Or Aubergine, depending on your preference. I’m going with eggplant.
Local eggplants appeared on shelves quite early this year. I know from personal experience that garden grown varieties are not fruiting in any useful way until after Christmas, and as this hasn’t been an unusually warm summer, my guess is these are hot house grown (not much of a stretch to make I know).
Eggplants of different shapes and sizes feature in many of the world’s cuisine’s, through
Turkey, Greece, Italy, France, and Africa (broad definition there) down through Asia in Indian, Chinese, Japanese, Thai and Vietnamese food. Amongst many others I’m sure. Unlike, say, apples, which look much the same and are pretty universally recognisable, eggplants range from the large, dark purple beasts we see on supermarket shelves, down to tiny, green creatures that bear only the vaguest resemblance.
They are universally delicious though, both cooked very simply, of as a vehicle to carry other more robust flavours.
So how good are eggplants for you?
The brightly coloured skin of an eggplant contains a great deal of the many antioxidants this fruit has. So it’s worth eating this alongside the meaty interior.
- They’re high in fibre. One cup of eggplant provides 10% of your daily requirement.
- They’re high in anthocyanins, which is a kind of flavonoid (a powerful antioxidant). These reduce our risk of heart disease, and reduce blood pressure.
- They’re high in polyphenols. Anyone who regularly reads this blog knows how much I love this antioxidant. Polyphenols are good for intestinal health, and have anti-cancer benefits
- They’re high in nasunin, another antioxidant. This one protects brain cell membranes and so aids cognitive function.
- They’re low in calories. One cup is only 35 calories, and this combined with high fibre makes eggplants fantastic for weight management.
- They’re high in iron and calcium with assists with bone health and protects against anaemia.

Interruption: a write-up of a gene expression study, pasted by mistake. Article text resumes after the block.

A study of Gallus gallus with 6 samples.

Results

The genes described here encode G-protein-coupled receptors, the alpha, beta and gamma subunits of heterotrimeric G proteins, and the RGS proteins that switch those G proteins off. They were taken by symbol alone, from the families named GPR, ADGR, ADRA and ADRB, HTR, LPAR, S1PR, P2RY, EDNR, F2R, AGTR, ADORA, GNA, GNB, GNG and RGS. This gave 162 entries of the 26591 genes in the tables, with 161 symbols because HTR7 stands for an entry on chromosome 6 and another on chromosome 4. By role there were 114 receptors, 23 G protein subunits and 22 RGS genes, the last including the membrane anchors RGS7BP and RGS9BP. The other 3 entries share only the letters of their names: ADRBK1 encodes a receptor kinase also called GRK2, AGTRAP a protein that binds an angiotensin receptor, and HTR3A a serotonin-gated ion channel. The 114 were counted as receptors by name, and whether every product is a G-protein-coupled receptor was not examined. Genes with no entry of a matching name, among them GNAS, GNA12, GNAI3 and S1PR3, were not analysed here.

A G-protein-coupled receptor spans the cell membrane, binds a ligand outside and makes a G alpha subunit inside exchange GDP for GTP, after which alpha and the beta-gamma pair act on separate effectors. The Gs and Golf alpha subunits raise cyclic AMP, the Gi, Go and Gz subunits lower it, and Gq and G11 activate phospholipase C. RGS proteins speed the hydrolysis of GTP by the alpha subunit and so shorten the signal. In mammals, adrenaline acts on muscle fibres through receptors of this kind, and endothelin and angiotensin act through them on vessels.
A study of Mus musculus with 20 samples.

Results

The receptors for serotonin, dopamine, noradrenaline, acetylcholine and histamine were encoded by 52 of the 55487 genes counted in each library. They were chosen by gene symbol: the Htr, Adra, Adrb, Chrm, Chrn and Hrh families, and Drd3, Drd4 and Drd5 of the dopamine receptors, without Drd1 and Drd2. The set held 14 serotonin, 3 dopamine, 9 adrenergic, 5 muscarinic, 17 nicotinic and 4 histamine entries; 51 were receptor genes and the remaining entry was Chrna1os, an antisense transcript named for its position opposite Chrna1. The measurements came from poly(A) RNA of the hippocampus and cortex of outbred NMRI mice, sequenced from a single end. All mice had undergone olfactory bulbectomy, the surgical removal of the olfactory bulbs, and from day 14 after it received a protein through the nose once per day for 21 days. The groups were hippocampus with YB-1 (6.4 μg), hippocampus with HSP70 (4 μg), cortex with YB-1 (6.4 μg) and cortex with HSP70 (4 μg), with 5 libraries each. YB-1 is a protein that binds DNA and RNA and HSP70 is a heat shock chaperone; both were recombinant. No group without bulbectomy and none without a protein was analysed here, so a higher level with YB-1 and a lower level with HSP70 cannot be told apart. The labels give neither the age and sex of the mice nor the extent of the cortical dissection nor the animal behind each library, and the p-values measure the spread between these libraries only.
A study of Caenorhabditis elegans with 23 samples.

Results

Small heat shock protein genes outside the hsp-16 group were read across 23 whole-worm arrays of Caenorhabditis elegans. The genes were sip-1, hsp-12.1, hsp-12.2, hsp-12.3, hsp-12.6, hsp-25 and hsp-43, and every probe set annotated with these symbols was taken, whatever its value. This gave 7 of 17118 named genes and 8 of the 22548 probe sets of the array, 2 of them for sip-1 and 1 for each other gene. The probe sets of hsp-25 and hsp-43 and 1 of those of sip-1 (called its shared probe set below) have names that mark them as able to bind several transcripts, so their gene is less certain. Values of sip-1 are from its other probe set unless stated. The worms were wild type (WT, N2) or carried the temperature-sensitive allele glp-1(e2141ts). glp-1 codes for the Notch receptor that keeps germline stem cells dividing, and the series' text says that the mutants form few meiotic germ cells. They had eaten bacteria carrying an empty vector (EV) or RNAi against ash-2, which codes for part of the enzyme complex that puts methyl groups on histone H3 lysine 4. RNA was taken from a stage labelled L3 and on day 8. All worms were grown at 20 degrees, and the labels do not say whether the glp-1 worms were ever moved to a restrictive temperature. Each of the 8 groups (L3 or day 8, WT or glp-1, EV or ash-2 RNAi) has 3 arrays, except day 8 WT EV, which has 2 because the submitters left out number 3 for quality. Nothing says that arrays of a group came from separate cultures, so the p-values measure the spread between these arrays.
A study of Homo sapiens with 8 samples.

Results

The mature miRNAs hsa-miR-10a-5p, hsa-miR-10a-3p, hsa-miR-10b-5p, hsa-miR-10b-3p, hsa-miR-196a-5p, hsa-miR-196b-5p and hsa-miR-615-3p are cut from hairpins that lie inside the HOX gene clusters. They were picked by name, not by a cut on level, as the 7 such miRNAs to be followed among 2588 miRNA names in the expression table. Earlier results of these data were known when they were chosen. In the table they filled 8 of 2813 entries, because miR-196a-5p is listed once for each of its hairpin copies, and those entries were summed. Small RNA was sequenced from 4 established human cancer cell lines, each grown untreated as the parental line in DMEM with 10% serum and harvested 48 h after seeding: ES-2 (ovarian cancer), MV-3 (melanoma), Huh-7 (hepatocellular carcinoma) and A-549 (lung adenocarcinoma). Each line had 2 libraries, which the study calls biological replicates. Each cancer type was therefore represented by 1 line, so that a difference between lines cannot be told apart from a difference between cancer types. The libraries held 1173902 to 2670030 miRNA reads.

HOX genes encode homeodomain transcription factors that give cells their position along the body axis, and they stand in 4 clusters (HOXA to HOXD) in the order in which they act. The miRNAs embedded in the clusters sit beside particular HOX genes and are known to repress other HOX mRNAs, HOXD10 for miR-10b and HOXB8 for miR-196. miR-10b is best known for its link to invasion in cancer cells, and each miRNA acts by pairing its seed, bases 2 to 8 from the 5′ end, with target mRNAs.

How do I use them?
The first tip I would give, is that the days of needing to salt eggplant to remove the bitterness are gone. These days, breeding techniques have removed the bitter quality from commonly available fruit, making them far easier to work with.
The vast range of cuisines they’re used in means there’s a vast number of ways they can be used. Here’s a few from me:
- Make a simple Thai vegetable curry with red curry paste, onion, eggplant, and red
capsicum. Cook until vegetables are just cooked and curry is fragrant. Pour over vegetable stock and coconut cream. Bring to the boil, then season with equal parts fish stock and lime juice. Stir through a couple of sliced tomatoes, cook for a minute or so, then sprinkle over generous amounts of coriander.
- Slice eggplant into rounds, brush with olive oil, and season with sumac. Grill over high heat on barbecue or griddle pan until cooked.
- Make a babaganoush
- Mix together 1/2 cup miso paste, 1/4 cup mirin, a tablespoon of sugar and 2 tablespoons of water. Halve asian eggplants lengthwise. Glaze with miso mix, and cook in a moderate oven, adding more glaze as you go, until eggplants are soft and caramelised.
- Replace pasta sheets for thin slices of fried eggplant in your favourite lasagne recipe.
- Make a simple wheat free canneloni by rolling ricotta mixed with steamed, chopped spinach, and a pinch of nutmeg up in this panfried eggplant slices (sliced lengthwise). Top with a good quality tomato passata, sprinkle over liberal amounts of parmesan, and cook in a moderate oven until bubbling and golden.
Or make a simple Caponata.
2 Tbsp olive oil
2 eggplants, tops removed, sliced into wedges
1 onion, sliced
2 cloves garlic
Pinch chilli flakes
1/2 cup white wine
2 x 400g tins chopped tomatoes
2 Tbsp capers, drained
2 Tbsp balsamic vinegar
Large handful basil leaves, torn
Extra virgin olive oil
- Heat olive oil over moderate heat.
- Add onions, garlic and chilli and saute until onions are soft
- Add eggplants, stir to combine and cook for 5 minutes
- Add white wine, allow to bubble up, then pour over tomatoes.
- Bring to the boil and cook, uncovered, until liquid has reduced and sauce is thick
- Stir through capers and balsamic vinegar. Cook for another 2 minutes to soften vinegar slightly.
- Season to taste, stir through basil and drizzle over extra virgin olive oil.